Running a Shop Sales+Marketing Research+Reports Search Engine Optimization (SEO) Technology

Get the Most Out of Your Website

Order Reprints

More and more, customers are finding repair facilities online, and a company’s website is its first chance to interact and, hopefully, gain that customer. Building a website can be a complex task, and figuring out how to use it can be just as challenging.

Ratchet+Wrench spoke with Louis Gagnon, chief product and marking officer for Yodle, a leader in Internet marketing, which, among many other things, designs and manages websites for small businesses—including auto repair centers. Gagnon shared his thoughts on what shop owners can do to get the most out of their sites.

Small businesses, overall, have an enormous problem when it comes to their websites. From our research, about 65 percent of all small businesses have websites, and when you look at those sites, on the majority of them, it’s hard to find a phone number—if they even have it on there at all.

Most people don’t know what to put on there; they aren’t experts. The main issue most people have is that they use their website like it’s a brochure; they give generic information about their company. In this day and age, people are experts in searching online and they are looking for specific information in very specific places. Your website needs to reflect that.

Having a great website is critical. The average Yodle customer gets an average of six minutes per visitor to their site. The industry average is just 33 seconds.

It comes down to two things: What we put on the site and where we put it. Your goal with a website is to turn visitors into customers, and getting someone to read your stuff and then act upon what they read is as much a science as it is an art.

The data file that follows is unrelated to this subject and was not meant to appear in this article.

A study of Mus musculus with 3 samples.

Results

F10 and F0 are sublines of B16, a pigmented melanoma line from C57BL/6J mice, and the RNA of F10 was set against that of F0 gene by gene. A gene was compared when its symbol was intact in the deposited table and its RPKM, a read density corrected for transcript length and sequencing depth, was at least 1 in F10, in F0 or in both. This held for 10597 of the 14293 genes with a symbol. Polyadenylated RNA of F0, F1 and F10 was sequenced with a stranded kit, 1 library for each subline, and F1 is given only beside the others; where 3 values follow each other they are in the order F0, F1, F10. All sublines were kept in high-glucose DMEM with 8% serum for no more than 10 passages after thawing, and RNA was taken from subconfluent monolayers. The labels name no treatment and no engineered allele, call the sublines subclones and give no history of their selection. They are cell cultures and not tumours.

From a content standpoint, it’s very important to be concise in describing the business. The home page needs to tell customers who you are in a quick and easy-to-understand way. You need to establish the credibility up front and it needs to be driving to service pages that give the right amount of information—not too much or too little, the right amount—so that people are informed enough to pick up the phone and informed enough to make an appointment or buy a product. The phone number, the address and the details of the company have to be pervasive throughout the site.
And it all needs to be in the right places for customers to find it.

So, let’s say I come to a shop’s website. Up front, I want a good first impression that this site and this company is professional, and that it is solid and credible. You achieve that through good design.

When I come in, I have to like what I see, and I have to really quickly understand the information. It also has to be very clear that the telephone number is most important. The phone number should be what we call a “call to action,” meaning the site should be saying, “Call this company.”
On the top, right-hand side of every site, we have the telephone number on every page, and we repeat with a call to action at the bottom of every page.

So, every time I’m looking at more information, I have this call to action to pick up the phone and call this business owner.

On top of all of this, you have to take into account search engine optimization (SEO)—the different things you can do to make sure potential customers are finding your site through Internet searches.

There are two different types of SEO: on-page and off-page. The off-page aspects deal with things like Google Places and Google Maps, and making sure you have a presence on each of the main listing sites—Google, Yahoo, Yelp, MSN, all of them.

On-page SEO deals with the way you set up your website. Search engines recognize sites based on meta data and tags that you put in titles, headers, text and images on your site. On all of those, there is a small description on what this site is all about, and that’s through using keywords. You need to decide what your company is all about, and those keywords need to show up in all of those places.

And the content needs to match that. There’s a whole science that Google has developed to determine what is a credible site and what isn’t a credible site. A lot of it has to do with the amount of keywords, what you tag your website with, and how that matches your content. 

Recommended Products

2016 Ratchet+Wrench Shop Technology Survey: Complete Report

2016 Ratchet+Wrench Shop Performance Survey: Complete Report

2017 Ratchet+Wrench Shop Technology Survey: Complete Report

Related Articles

Getting the Most Out of CRM

GoDaddy Releases Tool to Improve SEO

Expand Your Social Media Presence

You must login or register in order to post a comment.